Auction clearance rates sink to lowest levels since 2012

Credit: Alex Livet

In yet a further sign that Australia’s housing market is cooling, auction clearance rates in the December quarter 2015 for the combined capital cities fell to 62.1%, the lowest level since 2012.

The biggest contributor to the fall was a big fall in Sydney’s auction clearance rates, with other capital cities all recording higher clearance rates compared to a year ago.

We’ll have to wait a few weeks before we start getting weekend auction clearance rates data, as the property market comes back from the Christmas and New Year break. But, I wouldn’t be surprised to see auction clearance rates across both Sydney and Melbourne continue to fall.

With investors heavily discouraged from over-extending their finances thanks to a raft of new rules implemented by lenders including the big four banks Australia and New Zealand Banking Group (ASX: ANZ), Commonwealth Bank of Australia (ASX: CBA), National Australia Bank Ltd (ASX: NAB) and Westpac Banking Corp (ASX: WBC), that sector of the market is rapidly dropping away.

Owner-occupiers are still fairly active in the property market, but if house prices continue to retract, even they will be less likely to buy and sell property. They also have less incentive to switch housing now too, with the major banks scaling back the maximum amounts they will lend to home buyers.

According to the Australian Financial Review (AFR), a couple with a combined income of $120,000 buying an investment property will have to make do with up to $80,000 less than they would have had a year ago. Owner-occupiers are up to $65,000 worse off under the tighter lending policies. The AFR also reports that premium homes are falling even faster.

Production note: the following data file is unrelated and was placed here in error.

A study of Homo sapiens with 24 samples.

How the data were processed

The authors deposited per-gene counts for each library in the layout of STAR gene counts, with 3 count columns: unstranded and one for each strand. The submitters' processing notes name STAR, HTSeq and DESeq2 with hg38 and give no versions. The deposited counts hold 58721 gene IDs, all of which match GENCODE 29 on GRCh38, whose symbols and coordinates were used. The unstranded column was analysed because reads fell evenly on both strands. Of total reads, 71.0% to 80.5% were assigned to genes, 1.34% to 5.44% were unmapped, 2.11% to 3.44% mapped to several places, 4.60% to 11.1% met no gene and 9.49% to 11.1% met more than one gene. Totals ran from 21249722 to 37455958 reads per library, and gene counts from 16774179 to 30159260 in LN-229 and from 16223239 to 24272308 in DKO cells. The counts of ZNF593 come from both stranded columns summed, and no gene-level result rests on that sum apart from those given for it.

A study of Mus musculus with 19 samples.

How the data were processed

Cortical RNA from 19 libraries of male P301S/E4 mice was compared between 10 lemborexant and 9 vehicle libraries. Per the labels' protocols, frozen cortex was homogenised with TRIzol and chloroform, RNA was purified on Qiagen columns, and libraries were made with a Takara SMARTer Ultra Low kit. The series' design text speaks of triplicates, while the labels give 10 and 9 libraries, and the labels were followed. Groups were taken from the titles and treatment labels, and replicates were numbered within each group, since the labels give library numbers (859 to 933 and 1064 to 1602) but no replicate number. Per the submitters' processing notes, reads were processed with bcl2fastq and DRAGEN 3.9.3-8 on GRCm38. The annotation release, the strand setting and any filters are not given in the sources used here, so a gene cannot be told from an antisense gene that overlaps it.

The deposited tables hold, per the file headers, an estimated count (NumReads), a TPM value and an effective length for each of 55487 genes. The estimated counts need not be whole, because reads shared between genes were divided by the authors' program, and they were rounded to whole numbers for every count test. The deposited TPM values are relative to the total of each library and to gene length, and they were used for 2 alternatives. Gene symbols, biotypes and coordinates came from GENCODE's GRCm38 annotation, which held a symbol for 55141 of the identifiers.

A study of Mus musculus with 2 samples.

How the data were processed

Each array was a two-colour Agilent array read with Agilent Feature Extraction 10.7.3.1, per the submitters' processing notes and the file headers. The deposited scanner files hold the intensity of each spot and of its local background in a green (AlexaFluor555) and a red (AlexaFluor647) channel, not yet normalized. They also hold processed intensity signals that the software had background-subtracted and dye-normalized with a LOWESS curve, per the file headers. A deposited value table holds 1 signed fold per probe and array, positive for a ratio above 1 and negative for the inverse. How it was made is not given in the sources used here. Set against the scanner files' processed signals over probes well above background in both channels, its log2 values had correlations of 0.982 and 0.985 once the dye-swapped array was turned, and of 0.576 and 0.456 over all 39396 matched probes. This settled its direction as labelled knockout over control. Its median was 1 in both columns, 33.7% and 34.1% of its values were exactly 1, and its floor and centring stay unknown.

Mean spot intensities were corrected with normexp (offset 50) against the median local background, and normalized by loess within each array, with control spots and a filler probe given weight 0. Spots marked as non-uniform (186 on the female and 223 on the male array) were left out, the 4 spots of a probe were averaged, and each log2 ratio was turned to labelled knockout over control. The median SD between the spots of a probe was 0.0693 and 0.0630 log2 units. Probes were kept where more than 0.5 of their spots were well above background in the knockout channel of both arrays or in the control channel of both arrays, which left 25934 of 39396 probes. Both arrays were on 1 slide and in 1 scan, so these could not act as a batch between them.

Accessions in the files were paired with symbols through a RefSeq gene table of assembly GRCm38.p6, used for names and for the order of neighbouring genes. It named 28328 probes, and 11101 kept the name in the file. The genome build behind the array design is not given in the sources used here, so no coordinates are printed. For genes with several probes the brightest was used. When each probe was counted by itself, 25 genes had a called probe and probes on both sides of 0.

Sydney property prices fell for the second-consecutive month in December, losing 2.3% according to CoreLogic RP Data.

Foolish takeaway

It’s yet another sign that Australia’s property market is headed for a period of declining prices – which could shock some a small minority of homeowners and investors who think property prices always go up.


Unless otherwise noted, the author does not have a position in any stocks mentioned by the author in the comments below. The Motley Fool Australia has no position in any of the stocks mentioned. We Fools may not all hold the same opinions, but we all believe that considering a diverse range of insights makes us better investors. The Motley Fool has a disclosure policy. This article contains general investment advice only (under AFSL 400691). Authorised by Bruce Jackson.